LCG, August 6, 2020—J-Power USA Development Co, a subsidiary of the Electric Power Development Co. headquartered in Tokyo, has joined a joint venture to develop a 400 MW Texas solar project.


LCG, July 31, 2020—An affiliate of Copenhagen Infrastructure Partners has completed purchase of a 350 MW solar photovoltaic project near the Houston metro area from Solar Plus Development Inc. and Avondale Solar.


DOE to Fund Clean Coal Projects with $316 Million

LCG, January 16, 2003-The United States Department of Energy (DOE) announced yesterday that new funding will go to so-called "clean coal" projects.

In keeping with his administration's "Clear Skies" environmental policy, President George W. Bush has set aside 10 years and $2 billion to develop coal technology in order to make coal a viable source of clean energy.

Over fifty percent of U.S. power comes from coal-fired plants, and the U.S. has 23 percent of the world's recoverable coal reserves. However, coal is one of the dirtiest sources of electricity available, both in terms of emissions and storage.

Some people have proposed coal gasification as a viable direction for coal, a process by which solid coal is converted via steam-related chemical reactions into carbon monoxide and hydrogen. According to the DOE, impurities can be converted into useful materials to be used as fertilizers, industrial chemicals, and in construction, while the resulting fuel can be burned relatively cleanly in an efficient, combined-cycle process.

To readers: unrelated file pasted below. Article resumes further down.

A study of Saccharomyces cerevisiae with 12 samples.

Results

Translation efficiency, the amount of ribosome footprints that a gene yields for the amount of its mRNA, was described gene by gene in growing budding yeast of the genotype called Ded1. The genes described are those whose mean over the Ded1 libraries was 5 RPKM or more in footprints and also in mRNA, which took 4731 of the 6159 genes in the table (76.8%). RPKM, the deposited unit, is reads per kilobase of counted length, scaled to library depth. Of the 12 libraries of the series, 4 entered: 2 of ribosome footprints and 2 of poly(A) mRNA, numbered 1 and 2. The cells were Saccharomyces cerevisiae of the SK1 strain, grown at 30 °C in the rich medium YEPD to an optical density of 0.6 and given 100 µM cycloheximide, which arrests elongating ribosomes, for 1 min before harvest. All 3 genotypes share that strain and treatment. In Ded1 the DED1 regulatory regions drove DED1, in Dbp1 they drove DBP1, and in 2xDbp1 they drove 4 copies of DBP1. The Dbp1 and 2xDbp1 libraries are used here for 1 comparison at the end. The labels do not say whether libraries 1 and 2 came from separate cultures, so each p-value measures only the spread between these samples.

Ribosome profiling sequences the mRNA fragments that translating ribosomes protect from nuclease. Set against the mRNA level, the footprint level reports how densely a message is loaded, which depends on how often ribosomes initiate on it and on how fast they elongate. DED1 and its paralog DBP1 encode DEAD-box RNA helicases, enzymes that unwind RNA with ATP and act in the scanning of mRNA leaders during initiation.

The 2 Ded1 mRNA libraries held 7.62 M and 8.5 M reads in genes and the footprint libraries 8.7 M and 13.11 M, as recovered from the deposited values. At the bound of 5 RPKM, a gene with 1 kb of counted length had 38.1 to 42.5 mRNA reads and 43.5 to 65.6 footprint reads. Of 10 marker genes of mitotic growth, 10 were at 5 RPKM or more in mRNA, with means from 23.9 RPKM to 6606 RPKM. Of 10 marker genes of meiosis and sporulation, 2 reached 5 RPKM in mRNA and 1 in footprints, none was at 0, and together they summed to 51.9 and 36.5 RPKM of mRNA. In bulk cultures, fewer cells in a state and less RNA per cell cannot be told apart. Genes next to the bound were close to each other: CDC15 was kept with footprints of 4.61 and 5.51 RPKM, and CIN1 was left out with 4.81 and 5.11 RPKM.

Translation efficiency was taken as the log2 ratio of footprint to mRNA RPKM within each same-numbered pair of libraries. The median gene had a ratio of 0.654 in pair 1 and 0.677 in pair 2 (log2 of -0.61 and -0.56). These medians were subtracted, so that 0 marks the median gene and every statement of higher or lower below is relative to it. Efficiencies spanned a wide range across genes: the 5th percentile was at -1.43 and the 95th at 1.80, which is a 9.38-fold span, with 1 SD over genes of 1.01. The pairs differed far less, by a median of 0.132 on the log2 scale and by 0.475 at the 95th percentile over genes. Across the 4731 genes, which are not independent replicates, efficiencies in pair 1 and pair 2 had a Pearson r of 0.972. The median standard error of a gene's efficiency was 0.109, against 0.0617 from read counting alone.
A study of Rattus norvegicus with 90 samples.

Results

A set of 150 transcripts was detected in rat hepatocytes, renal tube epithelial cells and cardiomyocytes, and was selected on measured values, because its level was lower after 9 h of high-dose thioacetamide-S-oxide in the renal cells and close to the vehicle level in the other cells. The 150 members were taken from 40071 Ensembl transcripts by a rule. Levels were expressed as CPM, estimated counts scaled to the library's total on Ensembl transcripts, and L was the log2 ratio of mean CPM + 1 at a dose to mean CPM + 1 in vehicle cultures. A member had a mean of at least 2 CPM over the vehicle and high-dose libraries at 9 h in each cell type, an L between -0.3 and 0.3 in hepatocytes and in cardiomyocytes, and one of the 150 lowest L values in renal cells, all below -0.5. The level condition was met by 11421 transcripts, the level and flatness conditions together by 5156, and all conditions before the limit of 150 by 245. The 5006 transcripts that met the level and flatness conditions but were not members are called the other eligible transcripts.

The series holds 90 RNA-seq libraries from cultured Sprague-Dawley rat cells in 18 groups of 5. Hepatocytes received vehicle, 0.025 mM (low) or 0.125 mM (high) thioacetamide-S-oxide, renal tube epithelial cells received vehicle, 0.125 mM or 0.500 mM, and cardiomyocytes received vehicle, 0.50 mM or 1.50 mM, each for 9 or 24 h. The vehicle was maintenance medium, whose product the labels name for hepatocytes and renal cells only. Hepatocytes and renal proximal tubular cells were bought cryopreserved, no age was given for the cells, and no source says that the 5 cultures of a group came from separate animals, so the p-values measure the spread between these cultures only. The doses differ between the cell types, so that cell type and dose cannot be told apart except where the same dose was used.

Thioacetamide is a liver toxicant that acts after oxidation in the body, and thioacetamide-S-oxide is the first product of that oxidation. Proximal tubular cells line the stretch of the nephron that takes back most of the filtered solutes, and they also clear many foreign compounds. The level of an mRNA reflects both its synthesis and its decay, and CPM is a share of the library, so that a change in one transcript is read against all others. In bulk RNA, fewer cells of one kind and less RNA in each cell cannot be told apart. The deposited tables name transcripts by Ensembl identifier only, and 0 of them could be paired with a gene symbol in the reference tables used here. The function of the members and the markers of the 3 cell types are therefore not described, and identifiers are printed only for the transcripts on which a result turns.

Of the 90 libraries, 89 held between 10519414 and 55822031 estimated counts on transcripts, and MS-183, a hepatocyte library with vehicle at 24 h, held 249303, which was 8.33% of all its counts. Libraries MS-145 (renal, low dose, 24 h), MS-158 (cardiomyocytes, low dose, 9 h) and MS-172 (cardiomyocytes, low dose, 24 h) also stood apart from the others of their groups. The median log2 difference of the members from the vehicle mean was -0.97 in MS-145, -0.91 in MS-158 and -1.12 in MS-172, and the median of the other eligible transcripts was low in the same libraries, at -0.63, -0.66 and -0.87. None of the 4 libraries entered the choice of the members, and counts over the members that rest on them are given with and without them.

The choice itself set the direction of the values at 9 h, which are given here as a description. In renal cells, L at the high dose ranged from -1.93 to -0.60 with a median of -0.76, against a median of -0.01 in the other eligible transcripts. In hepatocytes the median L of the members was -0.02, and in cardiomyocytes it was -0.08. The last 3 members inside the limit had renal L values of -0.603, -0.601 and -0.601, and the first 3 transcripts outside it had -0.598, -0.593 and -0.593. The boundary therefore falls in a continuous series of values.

The DOE asserts on its website, www.fe.doe.gov, that the process of coal gasification yields recoverable carbon dioxide, unlike natural gas combustion. Increasing carbon dioxide levels are commonly pointed to as likely components of global warming, and simply the ability to capture carbon dioxide instead of emitting it into the atmosphere would be an advancement.

In addition, the production of hydrogen, if recoverable, implies that coal gasification can be a source of the cleanest fuel possible. Hydrogen and oxygen, when combined, yield energy and water without any harmful side products.

The DOE does not mention any harmful side reactions in the process of coal gasification or whether or not any major byproducts will become waste.

Opponents of the Bush Administration's "Clear Skies" environmental plan have much to say regarding its approach, from asserting that it moves too slowly to counter serious global environmental problems, to criticizing a lack of funding for wind and solar projects.

The DOE will send about $316 million to eight clean coal projects. Various companies nationwide are working on cleaner and more efficient coal-burning techniques, and the eight companies benefiting are involved with several aspects of clean coal research.